The third quarter saw another slight quarterly increase in mergers and acquisitions (M&A) in the US oil and gas industry, driven by an abundance of midstream megadeals, according to analysis from PwC US.
The professional services firm’s quarterly report of announced US transactions with value greater than $50 million indicates that 14 midstream deals occurred during the quarter, accounting for $63.5 billion, or 70% of overall deal value.
During the 3-month period ending Sept. 30, an overall total of 51 oil and gas deals took place, accounting for $91.2 billion, which was higher than the 47 deals worth $38.8 billion that occurred in the previous quarter (OGJ Online, Aug. 5, 2015), but still down from the 83 deals worth $125.7 billion that occurred in third-quarter 2014.
Seven deals during the third quarter were megadeals—deals valued at more than $1 billion—totaling $80.8 billion, with four in the midstream segment.
“Deal activity in the oil and gas sector was dominated by megadeals in the midstream segment despite a significant contraction in the capital markets,” explained Doug Meier, PwC’s US oil and gas sector deals leader. “These megadeals are driven by the objectives of gaining the benefit of scale, synergies, and expected growth in distributions-dividends at a time when US onshore production levels have started to decline.
“Depressed commodity prices, existing leverage constraints, and deteriorating availability of debt and equity financing will encourage more companies to merge or sell off assets to strengthen their balance sheets,” Meier said.
There were no oil and gas initial public offerings (IPOs) in the third quarter while follow-on equity offerings decreased 56% compared with the same period last year. High-yield and investment-grade debt issuances decreased 78% and 74%, respectively, compared with third-quarter 2014.
“The oil and gas capital markets have slowed considerably, making it more challenging for companies to ride out the current environment,” said Joe Dunleavy, PwC’s capital markets advisory partner. “This reduction in access to capital will add considerable downward financial pressure on oil and gas companies to ensure they have strategies in place to be in a position to succeed now, and once the market rebounds. As we have seen, and as we expect we will see more of, these strategies include bankruptcy.”
More upstream deals
The upstream segment recovered in the third quarter from recent lows, accounting for 27 transactions worth $8.8 billion. Total upstream deal volume increased 50% compared with the second quarter, but was down 36% compared with the same period last year. Six of the transactions represented equity commitments.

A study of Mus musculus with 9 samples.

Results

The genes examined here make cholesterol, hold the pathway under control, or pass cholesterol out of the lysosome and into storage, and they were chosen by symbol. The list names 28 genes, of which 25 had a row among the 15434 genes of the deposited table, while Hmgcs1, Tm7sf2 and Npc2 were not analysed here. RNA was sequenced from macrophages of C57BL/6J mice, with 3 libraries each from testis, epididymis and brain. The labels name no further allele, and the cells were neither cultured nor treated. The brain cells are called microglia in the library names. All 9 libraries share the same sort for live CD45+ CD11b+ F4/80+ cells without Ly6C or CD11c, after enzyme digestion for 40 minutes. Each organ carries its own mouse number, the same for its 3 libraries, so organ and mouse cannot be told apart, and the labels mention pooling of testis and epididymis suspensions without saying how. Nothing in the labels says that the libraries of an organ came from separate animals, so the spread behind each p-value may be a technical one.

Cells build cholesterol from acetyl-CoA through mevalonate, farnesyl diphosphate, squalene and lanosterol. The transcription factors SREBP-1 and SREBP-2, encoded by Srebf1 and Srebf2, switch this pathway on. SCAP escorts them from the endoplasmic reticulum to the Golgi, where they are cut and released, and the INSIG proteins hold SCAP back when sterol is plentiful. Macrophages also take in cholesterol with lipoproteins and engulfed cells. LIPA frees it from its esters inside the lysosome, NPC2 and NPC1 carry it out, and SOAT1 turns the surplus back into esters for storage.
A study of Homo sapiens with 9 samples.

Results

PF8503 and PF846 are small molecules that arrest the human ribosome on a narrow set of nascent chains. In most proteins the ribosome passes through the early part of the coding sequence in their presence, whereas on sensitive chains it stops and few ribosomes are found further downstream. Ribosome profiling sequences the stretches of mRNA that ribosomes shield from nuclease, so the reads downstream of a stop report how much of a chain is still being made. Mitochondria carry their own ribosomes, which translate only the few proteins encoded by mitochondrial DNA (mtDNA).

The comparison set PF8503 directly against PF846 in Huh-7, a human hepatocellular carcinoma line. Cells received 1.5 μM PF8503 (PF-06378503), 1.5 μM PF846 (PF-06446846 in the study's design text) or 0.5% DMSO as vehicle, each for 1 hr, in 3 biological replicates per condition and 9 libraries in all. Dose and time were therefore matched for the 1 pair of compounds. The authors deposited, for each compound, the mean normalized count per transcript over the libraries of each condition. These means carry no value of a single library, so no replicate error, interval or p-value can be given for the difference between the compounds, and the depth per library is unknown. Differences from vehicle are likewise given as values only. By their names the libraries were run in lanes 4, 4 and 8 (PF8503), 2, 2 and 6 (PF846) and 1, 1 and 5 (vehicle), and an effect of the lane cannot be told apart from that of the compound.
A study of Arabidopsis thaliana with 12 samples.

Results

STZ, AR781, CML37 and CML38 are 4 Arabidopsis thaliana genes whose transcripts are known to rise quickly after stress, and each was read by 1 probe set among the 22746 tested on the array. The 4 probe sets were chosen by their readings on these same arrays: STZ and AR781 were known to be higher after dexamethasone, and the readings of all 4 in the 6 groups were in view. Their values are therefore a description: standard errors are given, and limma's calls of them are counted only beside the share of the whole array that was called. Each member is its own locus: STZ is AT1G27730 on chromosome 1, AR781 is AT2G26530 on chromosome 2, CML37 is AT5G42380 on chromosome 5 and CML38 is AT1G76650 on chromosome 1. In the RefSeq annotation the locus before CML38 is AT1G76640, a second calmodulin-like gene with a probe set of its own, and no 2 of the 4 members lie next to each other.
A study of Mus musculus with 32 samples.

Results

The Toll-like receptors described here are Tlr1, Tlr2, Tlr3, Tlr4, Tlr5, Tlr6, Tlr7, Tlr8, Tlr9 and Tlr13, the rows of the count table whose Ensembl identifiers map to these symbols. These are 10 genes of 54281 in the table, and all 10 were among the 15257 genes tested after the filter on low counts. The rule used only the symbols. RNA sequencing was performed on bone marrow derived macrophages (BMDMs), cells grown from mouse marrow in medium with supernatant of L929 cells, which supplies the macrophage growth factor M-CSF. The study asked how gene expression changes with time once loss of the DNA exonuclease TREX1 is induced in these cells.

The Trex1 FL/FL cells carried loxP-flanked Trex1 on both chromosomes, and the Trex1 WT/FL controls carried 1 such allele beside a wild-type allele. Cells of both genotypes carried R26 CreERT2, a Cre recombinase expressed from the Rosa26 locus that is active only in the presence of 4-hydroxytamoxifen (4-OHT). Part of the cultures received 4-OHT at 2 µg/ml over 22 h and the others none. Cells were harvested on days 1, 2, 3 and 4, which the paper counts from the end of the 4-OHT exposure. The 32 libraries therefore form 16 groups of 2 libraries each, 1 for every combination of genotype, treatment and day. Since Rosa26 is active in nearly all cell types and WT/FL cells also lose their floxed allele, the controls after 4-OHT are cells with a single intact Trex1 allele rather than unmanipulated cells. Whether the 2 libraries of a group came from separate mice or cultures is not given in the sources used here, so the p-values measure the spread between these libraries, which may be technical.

Oil field services deal value increased to $16 billion from $11.1 billion vs. third-quarter 2014, driven by one megadeal.
The total number and value of downstream deals decreased to 3 deals worth $2.9 billion, compared with 12 deals worth $9.4 billion in last year’s third quarter.
Twenty-five corporate deals totaling $83.3 billion took place in the third quarter, while 26 asset deals totaling $7.9 billion occurred. Corporate deals represented 49% of the total deal volume and 91% of the total deal value, which included 10 midstream deals worth $61.3 billion.
Financial investors continued to show interest in the oil and gas industry with 17 transactions—the highest number of deals in a third quarter in the past 10 years—worth $4 billion. Equity commitments from private investors accounted for 10 of the deals, totaling $2.7 billion.
“Financial investors continue to work with portfolio companies to shore up balance sheets and seek additional investment opportunities where valuations are attractive,” added Rob McCeney, PwC’s US energy and infrastructure deals partner.
Permian most active shale play
Twenty-two deals with values greater than $50 million related to shale plays took place during the third quarter, totaling $29.5 billion. That represents a 5% increase in total deal value and 41% decrease in total deal volume compared with third-quarter 2014.
“Companies are focusing on basins that have proven levels of production and making investments looking to shed those assets associated with nonproductive wells,” said John Brady, PwC’s Houston assurance practice leader.
The most active shale play during the quarter was the Permian, which led in activity with seven deals worth $4.1 billion. The Eagle Ford contributed five deals worth $2.8 billion.
“Oil and gas company valuations continue to be depressed as the realization has set in that we may be at the current commodity price range of $40[/bbl] to $60[/bbl] longer than previously expected,” explained Seenu Akunuri, PwC’s US oil and gas valuation practice leader. “There has been a significant increase in the number of impairments of assets and goodwill, and highly leveraged companies will likely be looking to sell assets to survive and in certain situations filing for bankruptcy protection.
“We expect deal activity to pick up over the next 12 months as the market will see companies with free cash flow and strong balance sheets acquire assets and businesses from motivated sellers,” Akunuri said.